Sean Baker & Chris Bergoch: Flawed Characters with Secrets

As scripted by Sean Baker and Chris Bergoch, and directed by Baker, Starlet is that rare independent feature that succeeds on many artistic levels, including dimensional storytelling, ensemble acting, and full control of the material exerted by Baker.

With newcomers Dree Hemingway as Jane and Besedka Johnson as Sadie, plus a supporting turn with Stella Maeve as Jane’s friend, Melissa, Starlet has as strong a cast as can be found in any indie film.  Though it is set entirely in Southern California, Starlet, whose title has a several meanings, is decidedly not a typical Californian film.

Much of Starlet’s uniqueness is due to its starkly realistic style, a conscious choice of director Baker.  “It was supposed to be more cinema verité and not as plot driven,” said Baker.  “A day in the life of a starlet.  We decided to add the element of this unlikely friendship.  It was more of a character study.”

Of note, the aforementioned unlikely friendship occurs between Jane and Sadie, the former a youthful beauty leading a double life and the latter a retiree, whose odd bond is borne out of a yard sale.  Several elements from different Baker projects coalesced in the writing process.  “My co-writer Chris suggested that we combine the day in the life of a starlet with an old script sitting around with an unlikely friendship based on money found at a yard sale,” Baker stated.  “It was giving it a plot-driven narrative defined by Jane’s career.”

Starlet comes across so realistically, one cannot easily decipher whether the actors are saying their lines according to the script or improvising, and Baker noted that their predilections would vary from scene to scene.  “There are scenes that stand out as [being improvised] more than others – such as the scenes where they are smoking on the couch together at the beginning of the film – that wasn’t very scripted,” he said.  “Other scenes are scripted word-for-word.  I gave the actors homework the night before to change around the dialogue for the Art of War scene.  There was a lot of riffing; if I saw something going the direction I liked and had something to contribute to it, I would add from there to give it to them spontaneously.  80% of the film was tightly scripted.”

To add to the verité approach, Baker sought to shoot with telephoto lenses in order to set the camera back from the actors’ intimate space.  “These wonderful actors were able to make it so natural and always sound conversational,” he said.  “Dree did study at the Royal Academy of Acting.  She already had experience to be able to guide the zeitgeist.  All of them were extremely comfortable on set.”

Intentionally, Baker begins the film with an extreme closeup of his lead character.  But from there, the viewer feels as though he or she is voyeuristically spying on the characters.  To further push that dynamic, Starlet feels almost entirely lit by natural means.  “We never wanted it to look lit,” Baker explained.  “The cinematographer, Radium Cheung, understood that the last thing I wanted this film to appear is lit.  It was done with soft lighting and practical bounce cards to give it fill.  We were never blasting light anywhere or over-lighting.  It was most definitely done to not intimidate the actors, most of whom were working for the first time.  I also told my sound guys to lav them with hidden mics instead of having a boom pole in their faces.”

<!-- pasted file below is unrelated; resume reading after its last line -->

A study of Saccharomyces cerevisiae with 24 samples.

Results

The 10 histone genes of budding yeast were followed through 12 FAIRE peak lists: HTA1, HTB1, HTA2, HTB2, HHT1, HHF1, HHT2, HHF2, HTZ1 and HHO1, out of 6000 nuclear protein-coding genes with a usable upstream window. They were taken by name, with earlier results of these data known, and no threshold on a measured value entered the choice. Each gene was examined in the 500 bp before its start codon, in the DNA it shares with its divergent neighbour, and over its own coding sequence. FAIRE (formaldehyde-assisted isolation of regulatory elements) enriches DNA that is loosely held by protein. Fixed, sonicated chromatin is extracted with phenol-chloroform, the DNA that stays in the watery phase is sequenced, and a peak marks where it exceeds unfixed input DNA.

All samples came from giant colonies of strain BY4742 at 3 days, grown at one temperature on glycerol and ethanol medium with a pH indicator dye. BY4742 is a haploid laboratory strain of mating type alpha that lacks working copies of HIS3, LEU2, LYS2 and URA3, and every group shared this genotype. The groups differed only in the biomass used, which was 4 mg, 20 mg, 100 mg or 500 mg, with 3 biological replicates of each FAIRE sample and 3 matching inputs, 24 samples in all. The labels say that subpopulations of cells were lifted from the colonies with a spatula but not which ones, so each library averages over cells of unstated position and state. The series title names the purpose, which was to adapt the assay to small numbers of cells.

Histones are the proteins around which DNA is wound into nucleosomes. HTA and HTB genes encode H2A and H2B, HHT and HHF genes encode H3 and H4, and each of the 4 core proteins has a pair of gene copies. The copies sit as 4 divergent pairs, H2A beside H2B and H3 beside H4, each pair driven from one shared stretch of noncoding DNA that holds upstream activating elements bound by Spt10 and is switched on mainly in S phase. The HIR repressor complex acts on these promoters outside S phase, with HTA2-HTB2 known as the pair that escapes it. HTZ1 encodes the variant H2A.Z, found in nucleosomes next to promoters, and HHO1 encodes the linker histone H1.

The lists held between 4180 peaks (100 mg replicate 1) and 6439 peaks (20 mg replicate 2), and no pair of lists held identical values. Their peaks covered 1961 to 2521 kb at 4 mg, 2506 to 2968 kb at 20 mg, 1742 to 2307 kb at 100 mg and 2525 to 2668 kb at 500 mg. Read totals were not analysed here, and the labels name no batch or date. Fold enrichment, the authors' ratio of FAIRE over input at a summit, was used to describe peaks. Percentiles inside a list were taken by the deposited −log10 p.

In addition to being mesmerized by Hemingway and Johnson, we are taken by the supporting players, especially Maeve as Jane’s disgruntled housemate.  One striking scene is when Maeve as Melissa visits Sadie to give her some unexpected information.  “We did have time to have the actors bring stuff to the table,” Baker stated.  “As Sadie was being delivered this news, Stella asked me ‘Give me my closeup, I’ll deliver, for coverage.’  As she was delivering this amazing performance, I was watching the monitor and she was right—I ended up cutting back and forth.  Casting and getting the right people on board with amazing talent and a similar sensibility to me – that saved me on the film and brought me to that place.”

Among the many secrets slowly unveiled throughout Starlet are the secret identities of several characters and a hidden past by another.  “You will see a lot of those hints upon second viewing,” said Baker.  “That was the concept – hinting at the fact[s].  The first pass I had on this was all about little hints.”

Though Baker always covers himself during principal photography, he endeavored to shoot Starlet with few takes in minimal setups.  “By the time we had a scene set, I was pretty comfortable with how it would be covered,” he noted.  “Some stuff was found while we were shooting and further stuff was found during post.  There were a lot of happy accidents.  It was three months of living at night editing at 6pm and staying there til dawn, going to bed when everyone else was going to work.  I have to completely engulf myself during the post-production process to find a film.”

With a wealth of content currently in theaters and a minimum of independent screens, all types of films need an enticement, and Starlet, its inherent qualities notwithstanding, is among them, moreover coming out during an awards season glut.  “If anything, I would like people to know that there are amazing first-time performances by this talented cast,” Baker concluded.  “It’s a different take on California and Los Angeles.  It’s also about an unlikely friendship, and there might be a twist or turn somewhere.”